Thoughts from my first Church Admin class

Some of us are pretty bitter and cynical about clergy. I know that I am. I mean, honestly, for any extended period of time of fellowship, I’ve known only one really good pastor. The others? Of course, it could have been the structure of the denomination which allowed certain things to go on. Anyway, I could go on, but you should know that I’m pretty cynical about clergy.

But this weekend, surrounded by seven or so pastors (I was the only not currently nor ever will be crowd) I got a sneak peek where many congregants don’t. These people shared their disasters and successes, hopes and fears, weaknesses and a search for strengths. They love their jobs, their congregations, and their calling. They are just like everyone else, I reckon. It was interesting to see how a solid structure worked, and sometimes didn’t work. But, through those structural failures, these pastors kept fighting.

What was of interest to me was that they took the failures of their congregations personally. They want to share the message of Christ and strengthen their own congregations from within. They really have a love for their calling and a desire for transformation.

And, as I stated earlier, listening to them made me depressed that much more to know what damage has been done and is being done by bad pastors. And, it made me admire that much more those who are good pastors. Those who are  imperfect, weak…. focused on Christ, ever seeking and searching for what they can do to make the community of Christ stronger. These were some awesome testimonies that I heard this weekend, although surely none were offered.

So, for those who regularly abuse the good pastors because of the bad pastors… stop it.


  1. Thanks for those words. Often the sincere man of God has no one to take his part. There are times that he is maligned, mistreated, and abused by those he loves and want to help. His motives are sometimes questioned, his wisdom and decisions as well. If he is truly God’s man, he learns that it seldom accomplishes anything to defend himself. It only makes things worse. He must silently suffer on.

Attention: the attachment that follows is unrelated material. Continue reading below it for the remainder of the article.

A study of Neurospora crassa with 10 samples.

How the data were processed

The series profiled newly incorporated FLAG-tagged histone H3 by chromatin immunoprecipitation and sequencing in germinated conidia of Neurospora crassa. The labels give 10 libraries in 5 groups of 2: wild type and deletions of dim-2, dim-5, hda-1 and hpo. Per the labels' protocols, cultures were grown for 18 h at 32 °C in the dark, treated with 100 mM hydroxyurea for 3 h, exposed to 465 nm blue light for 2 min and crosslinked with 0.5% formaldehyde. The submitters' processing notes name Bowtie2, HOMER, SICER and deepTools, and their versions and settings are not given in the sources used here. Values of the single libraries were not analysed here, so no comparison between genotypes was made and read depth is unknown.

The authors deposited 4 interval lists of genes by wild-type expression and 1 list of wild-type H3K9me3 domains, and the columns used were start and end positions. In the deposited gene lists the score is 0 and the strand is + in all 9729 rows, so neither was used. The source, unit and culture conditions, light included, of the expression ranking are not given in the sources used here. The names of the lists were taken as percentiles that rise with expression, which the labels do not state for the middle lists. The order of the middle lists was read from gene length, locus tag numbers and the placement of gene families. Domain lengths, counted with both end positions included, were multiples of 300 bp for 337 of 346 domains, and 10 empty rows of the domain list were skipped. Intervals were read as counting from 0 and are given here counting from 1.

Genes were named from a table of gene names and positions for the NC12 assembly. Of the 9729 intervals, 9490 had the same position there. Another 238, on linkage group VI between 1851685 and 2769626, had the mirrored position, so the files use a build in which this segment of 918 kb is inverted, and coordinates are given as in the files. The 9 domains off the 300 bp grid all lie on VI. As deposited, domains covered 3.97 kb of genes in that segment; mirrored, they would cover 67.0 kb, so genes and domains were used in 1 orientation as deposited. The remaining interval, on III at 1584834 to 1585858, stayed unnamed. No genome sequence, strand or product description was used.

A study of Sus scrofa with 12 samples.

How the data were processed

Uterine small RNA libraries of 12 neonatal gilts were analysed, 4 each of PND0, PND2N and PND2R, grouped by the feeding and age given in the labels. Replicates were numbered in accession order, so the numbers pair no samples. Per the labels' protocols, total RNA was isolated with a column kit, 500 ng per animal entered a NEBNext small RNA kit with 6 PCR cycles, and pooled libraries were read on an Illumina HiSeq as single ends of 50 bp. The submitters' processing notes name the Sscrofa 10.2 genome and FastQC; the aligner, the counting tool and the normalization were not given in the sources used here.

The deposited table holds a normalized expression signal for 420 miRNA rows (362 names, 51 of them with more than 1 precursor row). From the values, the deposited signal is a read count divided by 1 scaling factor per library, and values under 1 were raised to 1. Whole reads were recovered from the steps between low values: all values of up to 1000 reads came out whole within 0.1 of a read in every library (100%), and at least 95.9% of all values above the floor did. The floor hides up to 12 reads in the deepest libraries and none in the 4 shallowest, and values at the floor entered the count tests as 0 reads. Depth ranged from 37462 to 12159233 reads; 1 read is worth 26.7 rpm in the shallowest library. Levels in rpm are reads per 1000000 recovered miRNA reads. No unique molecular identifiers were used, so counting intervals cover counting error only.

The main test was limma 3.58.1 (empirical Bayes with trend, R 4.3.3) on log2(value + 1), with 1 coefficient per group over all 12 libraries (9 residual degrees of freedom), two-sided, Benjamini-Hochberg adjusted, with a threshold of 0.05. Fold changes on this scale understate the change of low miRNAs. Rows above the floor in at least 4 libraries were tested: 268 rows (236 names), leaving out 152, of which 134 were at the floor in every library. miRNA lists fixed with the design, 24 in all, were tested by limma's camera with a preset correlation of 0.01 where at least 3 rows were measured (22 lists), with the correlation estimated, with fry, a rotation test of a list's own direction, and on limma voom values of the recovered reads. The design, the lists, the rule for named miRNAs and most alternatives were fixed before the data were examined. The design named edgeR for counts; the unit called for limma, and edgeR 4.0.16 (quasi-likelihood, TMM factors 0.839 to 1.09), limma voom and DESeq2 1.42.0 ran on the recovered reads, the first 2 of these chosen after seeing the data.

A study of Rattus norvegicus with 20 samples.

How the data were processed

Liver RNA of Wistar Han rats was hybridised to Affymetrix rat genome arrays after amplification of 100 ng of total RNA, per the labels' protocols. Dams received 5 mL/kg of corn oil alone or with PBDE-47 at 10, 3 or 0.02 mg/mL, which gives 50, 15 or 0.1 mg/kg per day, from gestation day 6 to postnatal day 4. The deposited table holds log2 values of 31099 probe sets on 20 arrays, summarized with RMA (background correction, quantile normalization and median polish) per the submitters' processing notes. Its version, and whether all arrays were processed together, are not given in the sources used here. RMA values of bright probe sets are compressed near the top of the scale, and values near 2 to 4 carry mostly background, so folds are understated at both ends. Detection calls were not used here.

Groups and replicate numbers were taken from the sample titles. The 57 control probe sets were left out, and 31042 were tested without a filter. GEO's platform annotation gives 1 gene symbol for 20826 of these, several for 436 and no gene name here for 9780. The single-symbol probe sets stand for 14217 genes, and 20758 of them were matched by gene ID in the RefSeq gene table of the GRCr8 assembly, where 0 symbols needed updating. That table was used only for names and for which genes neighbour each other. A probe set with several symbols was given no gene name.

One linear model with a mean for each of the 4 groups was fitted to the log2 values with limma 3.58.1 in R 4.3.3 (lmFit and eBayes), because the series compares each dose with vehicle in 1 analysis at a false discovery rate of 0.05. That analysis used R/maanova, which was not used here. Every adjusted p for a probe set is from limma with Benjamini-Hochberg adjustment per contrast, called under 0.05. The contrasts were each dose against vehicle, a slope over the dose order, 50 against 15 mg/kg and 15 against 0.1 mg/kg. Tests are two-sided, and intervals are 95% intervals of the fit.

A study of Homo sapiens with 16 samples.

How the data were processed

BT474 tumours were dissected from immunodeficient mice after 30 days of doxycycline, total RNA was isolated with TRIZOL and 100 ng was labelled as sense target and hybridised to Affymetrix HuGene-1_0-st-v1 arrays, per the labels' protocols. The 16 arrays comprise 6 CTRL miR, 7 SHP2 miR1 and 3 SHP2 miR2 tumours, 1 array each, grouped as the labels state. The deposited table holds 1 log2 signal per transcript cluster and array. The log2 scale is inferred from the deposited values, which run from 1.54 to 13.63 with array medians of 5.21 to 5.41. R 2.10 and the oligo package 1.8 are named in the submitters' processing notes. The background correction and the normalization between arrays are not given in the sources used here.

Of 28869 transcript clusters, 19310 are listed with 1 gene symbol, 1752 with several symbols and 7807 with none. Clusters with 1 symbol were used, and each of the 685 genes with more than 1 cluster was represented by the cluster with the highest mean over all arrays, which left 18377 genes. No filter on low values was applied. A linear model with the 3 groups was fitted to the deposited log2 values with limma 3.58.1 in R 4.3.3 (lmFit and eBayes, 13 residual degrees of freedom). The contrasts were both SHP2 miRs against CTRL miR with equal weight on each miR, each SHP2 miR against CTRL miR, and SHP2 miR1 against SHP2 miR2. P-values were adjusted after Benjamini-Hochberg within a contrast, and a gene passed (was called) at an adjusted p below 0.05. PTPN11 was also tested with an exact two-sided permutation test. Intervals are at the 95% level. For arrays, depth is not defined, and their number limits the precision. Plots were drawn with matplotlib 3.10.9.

It helps to know that some actually see behind things and recognize them as they truly are.

  2. I’ll stop abusing my pastor right now. lol. Actually, you are right. Most pastors work hard and to much on themselves because they feel the need to do so. It’s usually the fault of the congregation and the leadership of the elders for not standing side by side with the pastor to help him out and shoulder some of the burden. I am sadden about your experience in your last church, but I am pleased that you just did not give up and were able to distinguish God from the imperfect church. I will pray for you, Joel.

    1. Thanks, Doug. I need it. I find that far too often, people cannot distinguish God from the imperfect Church, bible interpretation, religious experience. I ain’t going to lie and tell you it was easy or that I never had a problem with it. I mean, even now, it isn’t that easy.

    2. Thanks, Doug. I need it. I find that far too often, people cannot distinguish God from the imperfect Church, bible interpretation, religious experience. I ain’t going to lie and tell you it was easy or that I never had a problem with it. I mean, even now, it isn’t that easy.

  3. The bad pastor does not learn from his mistakes. He keeps on going down and down because he believes he’s doing the right thing.

    How dare Paul criticize Peter! I mean, didn’t Peter and the other 11, yes Judas too, actually walk and talk with Jesus. How dare this “new guy” criticize Peter! (ok, enough facetiousness).

    The good pastor listens and learns as he goes.From other pastors, from his congregation, even listens to people from without the congregation, God forbid.